Cups is a recent addition to the Windows Store, the efforts of Julio Colon of ALOMSoftware. I asked Julio to give me a few words I could sprinkle into a blog post about his experiences in building the game, and he provided such a great write-up that I’m including it here in its entirety. It’s written in the first person with Julio as the author.
Cups started as a very simple app with the only purpose to get me in the door for Windows Phone 7 development. I wanted to use my current Silverlight and C# skills to create fun to show to my kids. The app today has more than 11,000 downloads in the Windows Marketplace.
Once Microsoft announced Windows 8 and its support for apps, it became a possibility for me to write something that could potentially reach millions of users. I worked through the training material offered by the Microsoft Virtual Labs (ed. note: check out the Windows 8 Hands-on Labs Online as well) and visited the Microsoft offices in Waltham, MA for a few local conferences. The training assured me the code could be converted without a considerable effort and I decided to start the journey to convert Cups for Windows 8.
First, I started to move the engine to the new RT runtime. No surprises there (thanks to the training); I just had to rename some of the usual namespaces to the new Windows namespaces, deal with a few changes with the event and naming conventions, but no major rewrite. It all got converted in under an hour!
Second, I continued to change the Silverlight code to XAML. The previous code worked with the exception (again...) of some namespaces. A quick rename and that was it. I also had to change some of my grids to adjust better mode due to the new supported resolutions, but most of it was no big deal.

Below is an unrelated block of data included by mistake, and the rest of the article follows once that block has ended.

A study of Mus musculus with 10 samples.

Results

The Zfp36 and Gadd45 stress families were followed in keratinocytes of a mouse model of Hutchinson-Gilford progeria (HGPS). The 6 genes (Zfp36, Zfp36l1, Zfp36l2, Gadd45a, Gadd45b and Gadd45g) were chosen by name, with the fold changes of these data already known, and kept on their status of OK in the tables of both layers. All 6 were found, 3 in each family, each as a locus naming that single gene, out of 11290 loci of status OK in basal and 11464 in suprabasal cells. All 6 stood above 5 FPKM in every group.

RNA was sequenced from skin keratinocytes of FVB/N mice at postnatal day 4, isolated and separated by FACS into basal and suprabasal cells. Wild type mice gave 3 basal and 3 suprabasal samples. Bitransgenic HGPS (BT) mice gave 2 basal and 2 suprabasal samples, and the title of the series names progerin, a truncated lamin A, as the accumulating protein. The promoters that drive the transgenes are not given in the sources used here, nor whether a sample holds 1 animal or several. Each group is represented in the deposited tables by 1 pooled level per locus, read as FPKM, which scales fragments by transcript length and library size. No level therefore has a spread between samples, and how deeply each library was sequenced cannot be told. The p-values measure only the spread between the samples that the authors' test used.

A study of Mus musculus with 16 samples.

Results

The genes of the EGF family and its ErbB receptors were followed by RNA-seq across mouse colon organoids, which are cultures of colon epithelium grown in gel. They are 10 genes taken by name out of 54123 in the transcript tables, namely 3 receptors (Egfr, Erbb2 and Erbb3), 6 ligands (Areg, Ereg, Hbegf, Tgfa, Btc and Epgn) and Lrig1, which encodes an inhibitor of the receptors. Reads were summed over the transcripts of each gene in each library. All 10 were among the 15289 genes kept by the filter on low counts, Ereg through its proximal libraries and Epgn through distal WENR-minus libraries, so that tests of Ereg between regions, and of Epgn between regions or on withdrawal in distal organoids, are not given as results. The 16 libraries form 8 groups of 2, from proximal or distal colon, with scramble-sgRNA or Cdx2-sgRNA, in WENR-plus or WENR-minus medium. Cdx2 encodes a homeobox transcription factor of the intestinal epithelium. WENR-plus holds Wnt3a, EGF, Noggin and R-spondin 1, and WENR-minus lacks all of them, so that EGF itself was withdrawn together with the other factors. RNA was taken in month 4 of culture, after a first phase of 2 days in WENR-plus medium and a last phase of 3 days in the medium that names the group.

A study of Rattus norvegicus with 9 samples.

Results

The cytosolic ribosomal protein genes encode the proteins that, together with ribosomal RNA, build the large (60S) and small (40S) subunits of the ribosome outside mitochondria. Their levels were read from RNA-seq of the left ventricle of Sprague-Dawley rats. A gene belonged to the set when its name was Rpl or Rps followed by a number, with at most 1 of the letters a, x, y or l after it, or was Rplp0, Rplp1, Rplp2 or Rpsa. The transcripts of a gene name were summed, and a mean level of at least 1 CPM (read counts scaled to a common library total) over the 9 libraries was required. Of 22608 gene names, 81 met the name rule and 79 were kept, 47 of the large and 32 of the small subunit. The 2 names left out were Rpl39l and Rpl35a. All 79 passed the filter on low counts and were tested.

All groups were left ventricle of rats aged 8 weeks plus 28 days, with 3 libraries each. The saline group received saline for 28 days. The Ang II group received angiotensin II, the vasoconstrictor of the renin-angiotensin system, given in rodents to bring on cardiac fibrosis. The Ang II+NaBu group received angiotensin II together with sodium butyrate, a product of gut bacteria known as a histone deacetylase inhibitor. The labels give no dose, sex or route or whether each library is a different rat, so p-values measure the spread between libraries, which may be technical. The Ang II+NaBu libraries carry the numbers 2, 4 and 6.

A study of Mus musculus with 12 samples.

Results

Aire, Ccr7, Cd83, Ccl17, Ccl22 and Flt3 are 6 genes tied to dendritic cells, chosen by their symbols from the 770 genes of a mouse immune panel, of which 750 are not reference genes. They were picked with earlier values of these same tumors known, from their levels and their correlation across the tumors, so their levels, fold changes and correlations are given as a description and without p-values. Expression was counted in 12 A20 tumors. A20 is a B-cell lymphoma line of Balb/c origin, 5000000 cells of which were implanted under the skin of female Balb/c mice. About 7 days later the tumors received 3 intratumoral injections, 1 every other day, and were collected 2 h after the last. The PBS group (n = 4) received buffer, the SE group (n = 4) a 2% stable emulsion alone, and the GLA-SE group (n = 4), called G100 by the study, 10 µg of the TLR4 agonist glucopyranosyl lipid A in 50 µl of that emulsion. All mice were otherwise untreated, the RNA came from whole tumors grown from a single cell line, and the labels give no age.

Third and this is where the new Windows 8 UI features had a slight learning curve. The Settings option in the Charms started consumed too much time for my taste, but thanks to the CharmsFlyoutLibrary it was really easy. This library takes care of the “unexciting” code and it’s a matter of wiring it to the XAML code.
Once I finished porting the basic Cups from WP7 to Windows 8, I realized it needed something new to make it different. I talked with the kids and some of them asked me add an “Extreme Mode” to the game. I said: “Why not? It has been pretty easy to convert the code so far”. Most of the ideas and cup distractions for the new mode came from them. The new “Extreme Mode” made the game a lot more interesting, the classic mode is still available for those who want to play the “Classic Mode”.
Overall my experience was very good and now that Cups is finished, I feel like my other apps (e.g. Shells, Days Till, Tape Calculator) should be converted in no time. I really want to appreciate Jim O’Neil from Microsoft for the help he provided with the Ad SDK and the Azure Mobile Services information he wrote in his blog.
Cups is now in the Window Store and the next release will have scores and mobile notification to keep users engaged and challenging each other. Find the game the marketplace here, play and enjoy it.